You get up every weekday, head to work, and put in your best effort. You do this every week, and you get paid at the end of the month. You pay your bills and then suddenly find yourself with nothing left. Your buddies call, invite you out to drinks and a movie, and you have to decline. There’s no cash…at least not until the next payday when the whole cycle will repeat itself.

Money Habits

(mnplatypus / pixabay)

Sound familiar? If it does, then rest assured you’re not alone.

This endless cycle of working with very little to show for it is not a good scenario, but it’s a common one.

Why does this happen?

It’s extremely disheartening and often leaves you wondering what the point of your job even is. This state of being is known as subsistence, and it’s terrible. What’s the point in doing all that work if you can never enjoy what you bring home?

Most likely, you’d think to yourself, “Maybe if I were paid more, it would be easier,” and while this is partially true, it’s not the solution. Whether you’re paid minimum wage or a six-figure salary, you can still find yourself in this position.

The key issue is not how much you make but how you manage what you make. Your money habits will determine how much is spent and how much is saved from your monthly income. If you have bad money habits, your money will disappear faster than you can log into your online bank. But with a little self-control and planning, you can get your finances on track and make the most out of your income.

Money Habits You Need to Drop

Let’s look at some of the most common bad money habits that people fall into. After all, the first step in fixing a problem is identifying it.

1. Not Knowing Your Finances

Do you know what you owe in debt? Do you know exactly how much all your bills come to? Do you know how much you earn each month to the penny?

If the answer to any of these is “no,” then this is your first problem. If you want to get anywhere with your finances, you have to know what they are. Take some time to go through all your accounts and locate exactly what money you pay out every month. Keep an accurate list of all outgoings like:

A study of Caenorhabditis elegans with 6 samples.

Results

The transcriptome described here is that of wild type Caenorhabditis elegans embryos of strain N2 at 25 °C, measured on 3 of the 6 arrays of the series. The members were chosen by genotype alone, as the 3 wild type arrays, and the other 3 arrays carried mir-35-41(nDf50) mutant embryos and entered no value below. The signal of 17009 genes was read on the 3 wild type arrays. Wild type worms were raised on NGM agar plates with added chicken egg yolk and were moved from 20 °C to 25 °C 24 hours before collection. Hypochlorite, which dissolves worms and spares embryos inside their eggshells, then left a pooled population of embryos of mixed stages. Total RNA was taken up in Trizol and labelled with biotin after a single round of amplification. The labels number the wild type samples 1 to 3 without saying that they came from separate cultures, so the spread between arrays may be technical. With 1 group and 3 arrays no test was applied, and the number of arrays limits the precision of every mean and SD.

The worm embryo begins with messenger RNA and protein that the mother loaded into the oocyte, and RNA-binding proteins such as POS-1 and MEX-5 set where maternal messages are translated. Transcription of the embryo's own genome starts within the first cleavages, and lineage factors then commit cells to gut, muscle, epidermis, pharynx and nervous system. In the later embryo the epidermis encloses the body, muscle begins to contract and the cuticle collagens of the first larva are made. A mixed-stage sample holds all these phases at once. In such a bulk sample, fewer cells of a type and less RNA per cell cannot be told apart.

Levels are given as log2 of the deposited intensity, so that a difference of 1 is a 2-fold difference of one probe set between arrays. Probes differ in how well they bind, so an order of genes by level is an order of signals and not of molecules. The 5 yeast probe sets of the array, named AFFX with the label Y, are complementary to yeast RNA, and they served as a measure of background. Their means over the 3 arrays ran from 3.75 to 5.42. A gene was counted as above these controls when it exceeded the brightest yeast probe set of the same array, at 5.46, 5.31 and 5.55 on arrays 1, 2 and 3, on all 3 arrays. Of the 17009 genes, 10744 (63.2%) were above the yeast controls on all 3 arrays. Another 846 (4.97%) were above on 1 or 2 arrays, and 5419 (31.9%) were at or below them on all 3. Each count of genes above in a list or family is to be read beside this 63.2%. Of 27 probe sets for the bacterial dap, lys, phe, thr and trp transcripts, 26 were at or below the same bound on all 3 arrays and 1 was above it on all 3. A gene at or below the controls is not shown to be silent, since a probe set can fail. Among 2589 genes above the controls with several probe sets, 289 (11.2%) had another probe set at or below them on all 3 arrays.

• Rent/Mortgage
  • Household bills
  • Credit Card/Loan payments
  • Insurance policies
  • Subscriptions and services

This will then tell you what money you have to spend every month, which can be put aside. Everything you have leftover will be money you can budget for food expenses, savings, and entertainment. The most important thing to remember with a budget, though, is that you must stick to it.

2. Living With Debt

There are so many ways to find yourself in debt these days. Some debts are inevitable – such as mortgages – but others we willingly take on, like credit cards or loans. While it can be handy to have a credit card, living at the bottom of your credit limit is a good way to waste all that support.

Any debt with an interest rate will, naturally, cost more the deeper you are with it. Paying 16% of a $10 balance will only cost you 16 cents, but if your balance is $1,000, that amount becomes $16.

To prevent this situation from getting out of control, it is advisable to pay off more than just the minimum payment option. If you have a budget in place, you will know what extra money you have. Devote that to paying down your high-interest debt quickly.

3. Not Putting Anything in Savings

When you have a lot of bills, you can allow saving money to become a low priority. It’s tempting not to want to spend any leftover money on something you want.

When your bills and other essential payments are sorted, the best thing you can do for yourself is to parcel out a percentage of the remaining amount for savings. This may mean you have to deny yourself an extra takeout meal or a night out with friends, but even as little as 5% of your remaining amount can add up over time.

If you find yourself beginning to clear out outstanding debt and having a little extra over, you can put this money directly into savings. The same applies to any salary raises you may receive from work. After all, if you never had the money before, you certainly won’t miss it!

4. Not Planning Ahead

All too often, we react on impulse, especially when making purchases. Deals exist in the world to lure us into spur-of-the-moment purchases, and these are the most dangerous kinds.

If you have been considering a new TV or other large purchase for a while, then take the time to do your research and determine how it will affect your overall budget. If you can’t afford it now, figure out how you can start saving to purchase it later.

You should also make sure that you plan for maintenance expenses. Preventive measures like regular oil changes and tire rotations for your car are often ignored until they turn into an emergency. Make sure to add these to the budget.

And finally, prepare for the future by keeping a “rainy day” fund. Fender benders, car engine problems, and home maintenance issues are unwelcome, but they are inevitable. You can keep them from being catastrophic to your finances if you’ve been setting a little aside for them all along.


It’s distressing how quickly our income flies back out of our banks. Sometimes it can even feel like the whole world is organized to keep you poor. But the truth of things is that you can be in control.

The key is to take some time to understand your money and your needs and to use a little self-restraint. By dropping the money habits above, you’ll be able to build a financial safety net for yourself and those dependent on you.

Want to fast track the whole money-saving process? Get in touch with a financial health coach who can advise you on the best ways to overcome old money habits and build new ones that directly contribute to your wealth. Contrary to popular opinion, you don’t have to wait until you’re old and retired to enjoy money. Savvy money management habits now can allow you to enjoy wealth and financial freedom earlier in life.